Male chef in sex discrimination case

An employment tribunal has found that an employee was unfairly dismissed after alleging that a ‘clique’ of female superiors had ‘colluded’ against him, leading to them ‘trying to force him out’. A chef in a nursery, the employee’s managers expressed concerns that the nursery wasn’t meeting ‘parents’ requirements’ to have cakes baked for special occasions and that the chef was not ‘providing appropriate food to the children’.

He was placed on a performance improvement plan but after the nursery was forced to shut its doors due to the pandemic, several serious allegations were made on the company’s whistleblowing hotline about the female management team. The tribunal heard that members of the team came to believe that the claimant was responsible for raising concerns.

In July 2020, he was told he was being investigated for possible misconduct. The allegations against him included that in February 2020, children and staff in the Baby Room had made a birthday cake for one of his colleagues and gave him the batter to bake. But he ‘failed to adequately check’ on it and it burnt and told his colleagues had thrown it away.

The employers suggested to the panel that he had ‘deliberately allowed the cake to burn’. On Valentine’s Day, the claimant was accused of making heart-shaped shortbread biscuits for the staff ‘of his own volition,’ but ‘deliberately’ left out two staff members ‘due to not liking them’. Despite his denials of wrongdoing, his managers decided to dismiss him.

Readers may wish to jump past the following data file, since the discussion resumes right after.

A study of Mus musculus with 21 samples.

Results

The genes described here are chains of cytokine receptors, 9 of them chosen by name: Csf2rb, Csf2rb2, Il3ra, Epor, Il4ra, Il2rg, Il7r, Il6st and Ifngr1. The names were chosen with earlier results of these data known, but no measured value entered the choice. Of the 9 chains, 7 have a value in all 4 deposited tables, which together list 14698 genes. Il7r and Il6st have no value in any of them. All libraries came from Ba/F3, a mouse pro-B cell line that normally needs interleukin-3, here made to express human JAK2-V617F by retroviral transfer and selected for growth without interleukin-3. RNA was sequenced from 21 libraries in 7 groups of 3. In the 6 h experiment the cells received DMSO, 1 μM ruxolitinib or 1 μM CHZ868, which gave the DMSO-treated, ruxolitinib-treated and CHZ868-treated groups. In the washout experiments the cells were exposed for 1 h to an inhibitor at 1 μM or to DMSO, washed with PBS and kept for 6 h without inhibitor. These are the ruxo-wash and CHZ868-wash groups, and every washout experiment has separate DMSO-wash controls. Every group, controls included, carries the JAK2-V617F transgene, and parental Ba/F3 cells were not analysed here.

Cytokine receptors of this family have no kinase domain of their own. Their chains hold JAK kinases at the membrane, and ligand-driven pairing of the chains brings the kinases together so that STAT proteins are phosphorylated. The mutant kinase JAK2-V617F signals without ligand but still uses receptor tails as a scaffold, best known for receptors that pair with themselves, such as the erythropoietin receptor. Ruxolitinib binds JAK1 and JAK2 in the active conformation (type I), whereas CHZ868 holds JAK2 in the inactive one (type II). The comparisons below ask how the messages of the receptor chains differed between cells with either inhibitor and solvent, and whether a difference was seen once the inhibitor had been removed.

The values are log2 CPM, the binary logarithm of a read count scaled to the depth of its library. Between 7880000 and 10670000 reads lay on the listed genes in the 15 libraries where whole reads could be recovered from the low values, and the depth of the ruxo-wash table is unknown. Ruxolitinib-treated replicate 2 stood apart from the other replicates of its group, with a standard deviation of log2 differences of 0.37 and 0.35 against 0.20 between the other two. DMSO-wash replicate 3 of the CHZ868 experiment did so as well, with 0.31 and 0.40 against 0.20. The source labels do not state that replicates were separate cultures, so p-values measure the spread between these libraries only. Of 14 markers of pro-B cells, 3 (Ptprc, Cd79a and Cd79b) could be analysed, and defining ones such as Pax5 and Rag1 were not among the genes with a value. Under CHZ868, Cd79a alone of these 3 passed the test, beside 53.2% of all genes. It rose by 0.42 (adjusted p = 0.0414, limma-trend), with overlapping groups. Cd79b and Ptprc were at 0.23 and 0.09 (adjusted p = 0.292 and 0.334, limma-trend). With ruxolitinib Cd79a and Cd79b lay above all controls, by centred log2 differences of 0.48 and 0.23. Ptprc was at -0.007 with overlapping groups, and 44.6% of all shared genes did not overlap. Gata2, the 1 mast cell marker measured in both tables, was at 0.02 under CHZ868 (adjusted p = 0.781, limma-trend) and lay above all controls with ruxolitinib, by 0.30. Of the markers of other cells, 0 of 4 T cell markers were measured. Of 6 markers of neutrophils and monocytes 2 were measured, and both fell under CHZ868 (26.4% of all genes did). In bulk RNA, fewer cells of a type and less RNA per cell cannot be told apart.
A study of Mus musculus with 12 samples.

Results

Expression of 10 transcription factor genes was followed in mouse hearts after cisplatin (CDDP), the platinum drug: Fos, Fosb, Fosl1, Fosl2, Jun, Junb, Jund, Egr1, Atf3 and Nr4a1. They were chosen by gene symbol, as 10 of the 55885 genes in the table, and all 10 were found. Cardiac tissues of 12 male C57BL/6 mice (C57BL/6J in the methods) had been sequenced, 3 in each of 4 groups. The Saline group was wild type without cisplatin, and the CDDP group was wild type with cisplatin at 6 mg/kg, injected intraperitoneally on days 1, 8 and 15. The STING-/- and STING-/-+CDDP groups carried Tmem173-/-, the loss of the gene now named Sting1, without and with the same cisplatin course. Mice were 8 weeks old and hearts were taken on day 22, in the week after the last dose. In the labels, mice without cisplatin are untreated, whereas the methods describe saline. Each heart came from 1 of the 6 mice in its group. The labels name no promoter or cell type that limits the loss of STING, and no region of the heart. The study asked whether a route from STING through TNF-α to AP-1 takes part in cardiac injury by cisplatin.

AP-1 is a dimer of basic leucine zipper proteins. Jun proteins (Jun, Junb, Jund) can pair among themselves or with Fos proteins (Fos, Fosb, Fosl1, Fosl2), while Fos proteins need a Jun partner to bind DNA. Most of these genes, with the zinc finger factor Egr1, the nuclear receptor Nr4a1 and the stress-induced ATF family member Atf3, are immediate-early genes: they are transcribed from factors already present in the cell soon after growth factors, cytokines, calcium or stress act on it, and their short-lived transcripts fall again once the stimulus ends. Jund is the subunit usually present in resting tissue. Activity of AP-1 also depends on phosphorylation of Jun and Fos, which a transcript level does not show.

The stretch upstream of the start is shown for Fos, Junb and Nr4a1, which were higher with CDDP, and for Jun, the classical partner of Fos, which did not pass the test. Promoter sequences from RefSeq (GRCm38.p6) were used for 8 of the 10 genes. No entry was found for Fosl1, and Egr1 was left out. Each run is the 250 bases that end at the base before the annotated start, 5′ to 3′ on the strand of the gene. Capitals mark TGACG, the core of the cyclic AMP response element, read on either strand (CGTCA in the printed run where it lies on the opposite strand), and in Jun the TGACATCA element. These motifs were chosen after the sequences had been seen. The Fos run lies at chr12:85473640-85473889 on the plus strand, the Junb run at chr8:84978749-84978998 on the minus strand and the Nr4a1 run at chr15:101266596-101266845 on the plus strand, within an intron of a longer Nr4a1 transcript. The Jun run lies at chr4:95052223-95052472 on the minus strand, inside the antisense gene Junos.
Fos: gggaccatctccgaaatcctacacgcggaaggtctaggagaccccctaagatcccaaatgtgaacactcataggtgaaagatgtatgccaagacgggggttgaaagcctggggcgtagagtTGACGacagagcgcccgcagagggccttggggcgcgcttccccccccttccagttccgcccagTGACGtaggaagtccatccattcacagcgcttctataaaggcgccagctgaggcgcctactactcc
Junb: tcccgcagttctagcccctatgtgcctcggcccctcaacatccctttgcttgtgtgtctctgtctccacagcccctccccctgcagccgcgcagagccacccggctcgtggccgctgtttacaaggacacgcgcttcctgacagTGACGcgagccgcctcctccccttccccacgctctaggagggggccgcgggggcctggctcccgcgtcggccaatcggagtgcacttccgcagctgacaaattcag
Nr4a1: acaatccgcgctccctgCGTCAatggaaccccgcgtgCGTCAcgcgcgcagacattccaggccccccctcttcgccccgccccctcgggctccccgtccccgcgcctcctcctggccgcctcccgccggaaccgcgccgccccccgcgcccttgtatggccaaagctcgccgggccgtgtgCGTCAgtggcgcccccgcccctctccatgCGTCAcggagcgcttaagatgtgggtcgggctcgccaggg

He is now set for compensation after his claims for unfair dismissal and sex discrimination were upheld with the tribunal ruling the misconduct allegations against him were ‘trivial’.

The panel ruled that the investigation into these incidents was ‘not reasonable’ and excluded information that supported the claim there was a ‘friendship group which was colluding against him’.

The Employment Judge said: ‘Collectively these sorts of incidents at their height could be regarded as targeting individuals or of excluding them and would certainly cause an employer to need to take some sort of managerial action, potentially formal action but they did not have the potential to amount to gross misconduct either singly or collectively.

‘We conclude that the claimant did not behave in a way which justified the respondent terminating his contract without notice.’The tribunal also ruled in his favour on several claims of victimisation and sexual discrimination.

The compensation payment will be determined at a later remedy hearing.